Spiral: From the Book of Saw

Verdict: Spiral doesn't do enough to take the Saw franchise in a new direction or give it a new lease of life

  • Samuel L. Jackson, Chris Rock, Max Minghella
  • May 21st 2021
  • Darren Lynn Bousman

The Saw franchise was done to death (pun intended) between 2004 and 2010, with one released every year, and the most recent instalment, 2017’s Jigsaw, didn’t do enough to kickstart the series, so Lionsgate bosses have brought us another attempt – Spiral.

The movie follows troubled detective Ezekiel ‘Zeke’ Banks (Chris Rock), who is given a new partner named William (Max Minghella). They have been assigned to investigate a death on the subway – however, it becomes clear this isn’t a normal homicide and it bears a resemblance to the work of John Kramer/Jigsaw – the franchise’s usual antagonist.

And it isn’t some random person, the victim is a cop from their force. The latest killer is targeting the (many) corrupt members of the police department and picking them off one by one.

Fans of the Saw franchise may come away disappointed about the lack of signature torture porn content. There are still some gory scenes, but the amount of screen time given to watching people trying to escape the horrifying traps is significantly less than usual.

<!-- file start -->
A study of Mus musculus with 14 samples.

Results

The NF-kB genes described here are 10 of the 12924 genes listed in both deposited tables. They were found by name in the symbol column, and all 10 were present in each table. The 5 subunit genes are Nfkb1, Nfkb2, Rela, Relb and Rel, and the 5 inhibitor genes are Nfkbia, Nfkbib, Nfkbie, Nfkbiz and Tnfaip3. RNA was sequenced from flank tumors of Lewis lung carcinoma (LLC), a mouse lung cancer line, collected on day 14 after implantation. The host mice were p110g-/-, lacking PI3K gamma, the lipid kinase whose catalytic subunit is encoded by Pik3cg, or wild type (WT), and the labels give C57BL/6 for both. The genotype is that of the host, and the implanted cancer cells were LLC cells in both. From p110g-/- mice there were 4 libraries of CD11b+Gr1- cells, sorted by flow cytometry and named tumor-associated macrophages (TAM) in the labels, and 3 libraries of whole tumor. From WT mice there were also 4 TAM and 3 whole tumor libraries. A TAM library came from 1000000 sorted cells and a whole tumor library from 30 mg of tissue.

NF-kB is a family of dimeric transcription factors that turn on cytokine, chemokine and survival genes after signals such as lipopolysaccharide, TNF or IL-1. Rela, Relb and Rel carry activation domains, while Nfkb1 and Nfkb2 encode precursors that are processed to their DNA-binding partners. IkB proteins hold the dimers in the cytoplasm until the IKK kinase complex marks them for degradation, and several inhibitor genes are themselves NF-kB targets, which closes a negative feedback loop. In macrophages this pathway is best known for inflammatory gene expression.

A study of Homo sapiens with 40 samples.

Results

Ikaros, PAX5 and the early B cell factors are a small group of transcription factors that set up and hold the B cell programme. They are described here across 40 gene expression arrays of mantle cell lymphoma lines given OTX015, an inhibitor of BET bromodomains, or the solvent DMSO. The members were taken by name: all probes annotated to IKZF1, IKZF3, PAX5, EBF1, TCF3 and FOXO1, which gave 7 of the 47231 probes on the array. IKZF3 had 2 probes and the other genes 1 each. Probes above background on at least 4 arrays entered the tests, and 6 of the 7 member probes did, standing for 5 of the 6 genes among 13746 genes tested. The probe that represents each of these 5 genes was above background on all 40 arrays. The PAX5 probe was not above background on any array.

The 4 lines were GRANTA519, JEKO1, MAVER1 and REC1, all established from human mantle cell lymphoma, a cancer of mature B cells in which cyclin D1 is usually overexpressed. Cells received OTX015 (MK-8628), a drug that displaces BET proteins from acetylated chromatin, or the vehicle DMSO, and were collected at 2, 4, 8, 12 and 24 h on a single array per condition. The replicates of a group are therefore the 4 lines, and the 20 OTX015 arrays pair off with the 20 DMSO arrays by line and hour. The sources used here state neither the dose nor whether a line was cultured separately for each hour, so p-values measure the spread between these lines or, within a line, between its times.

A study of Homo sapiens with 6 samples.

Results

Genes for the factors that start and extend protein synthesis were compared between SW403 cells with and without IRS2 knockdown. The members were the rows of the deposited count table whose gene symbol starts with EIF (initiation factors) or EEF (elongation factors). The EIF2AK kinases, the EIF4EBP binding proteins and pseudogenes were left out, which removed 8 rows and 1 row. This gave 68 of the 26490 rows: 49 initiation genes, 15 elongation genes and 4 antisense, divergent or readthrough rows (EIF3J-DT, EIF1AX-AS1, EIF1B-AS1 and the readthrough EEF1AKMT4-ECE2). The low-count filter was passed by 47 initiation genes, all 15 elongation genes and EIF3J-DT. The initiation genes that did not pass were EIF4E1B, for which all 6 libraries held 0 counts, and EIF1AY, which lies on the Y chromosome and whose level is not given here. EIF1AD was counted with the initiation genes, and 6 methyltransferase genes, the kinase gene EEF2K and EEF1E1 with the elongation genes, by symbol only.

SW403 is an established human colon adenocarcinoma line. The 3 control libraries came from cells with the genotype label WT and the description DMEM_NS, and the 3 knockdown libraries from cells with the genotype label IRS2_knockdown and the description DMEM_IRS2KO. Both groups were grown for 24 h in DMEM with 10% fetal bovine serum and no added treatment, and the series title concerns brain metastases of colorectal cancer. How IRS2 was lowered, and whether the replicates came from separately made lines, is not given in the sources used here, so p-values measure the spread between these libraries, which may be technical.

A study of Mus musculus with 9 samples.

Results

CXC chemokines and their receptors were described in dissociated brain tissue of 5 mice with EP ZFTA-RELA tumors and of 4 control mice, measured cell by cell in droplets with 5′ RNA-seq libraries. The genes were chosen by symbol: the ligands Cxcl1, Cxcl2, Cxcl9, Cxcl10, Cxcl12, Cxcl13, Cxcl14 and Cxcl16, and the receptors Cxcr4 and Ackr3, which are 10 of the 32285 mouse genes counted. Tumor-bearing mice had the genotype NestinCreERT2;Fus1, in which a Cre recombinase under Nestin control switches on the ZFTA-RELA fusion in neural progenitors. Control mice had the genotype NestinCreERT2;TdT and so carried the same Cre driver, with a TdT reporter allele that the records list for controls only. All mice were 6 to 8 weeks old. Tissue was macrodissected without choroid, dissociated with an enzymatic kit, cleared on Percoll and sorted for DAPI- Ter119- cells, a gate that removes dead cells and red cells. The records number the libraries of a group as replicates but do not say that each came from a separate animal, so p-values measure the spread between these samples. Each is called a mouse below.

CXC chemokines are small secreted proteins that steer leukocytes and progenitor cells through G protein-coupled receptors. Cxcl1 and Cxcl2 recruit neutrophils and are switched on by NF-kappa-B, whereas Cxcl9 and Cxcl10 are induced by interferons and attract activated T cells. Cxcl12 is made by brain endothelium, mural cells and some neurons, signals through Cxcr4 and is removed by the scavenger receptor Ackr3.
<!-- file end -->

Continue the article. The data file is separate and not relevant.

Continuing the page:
And after eight previous outings, director Darren Lynn Bousman and his team must have struggled to come up with unique and inventive traps that are up to the same standard as some of the classics (like the reverse bear trap). Most of them were average and forgettable, with the exception of one that is truly disgusting and gross.

The original Saw back in 2004 had a great balance between these torture porn scenes and the cat-and-mouse detective storyline and Spiral tries to get back to these roots but ends up going too far the other way, with it feeling like too much of a police procedural.

Also, the mystery didn’t play out well enough, the pacing was off, flashbacks were used too much, the comedy elements didn’t fully work, and the social commentary about the police and how they “shot first, ask questions later” was well-intentioned but rather clumsy in its execution.

But the worst part of all is the ending. The reveal of the new killer is so underwhelming and anticlimactic, especially compared to the jaw-dropping last-minute twists the franchise is known for. It just felt so rushed, underserved, and far too dull for a killer reveal.

Viewers may not be sold on Rock as the lead of a Saw movie at first but these concerns will soon drop away. Elsewhere, it’s curious that a big-name star like Samuel L. Jackson signed up to play Rock’s father Marcus because he is barely in it.

While Spiral is enjoyable for the most part, it doesn’t do anywhere near enough to justify its existence, and it has failed to build a strong foundation for potential sequels.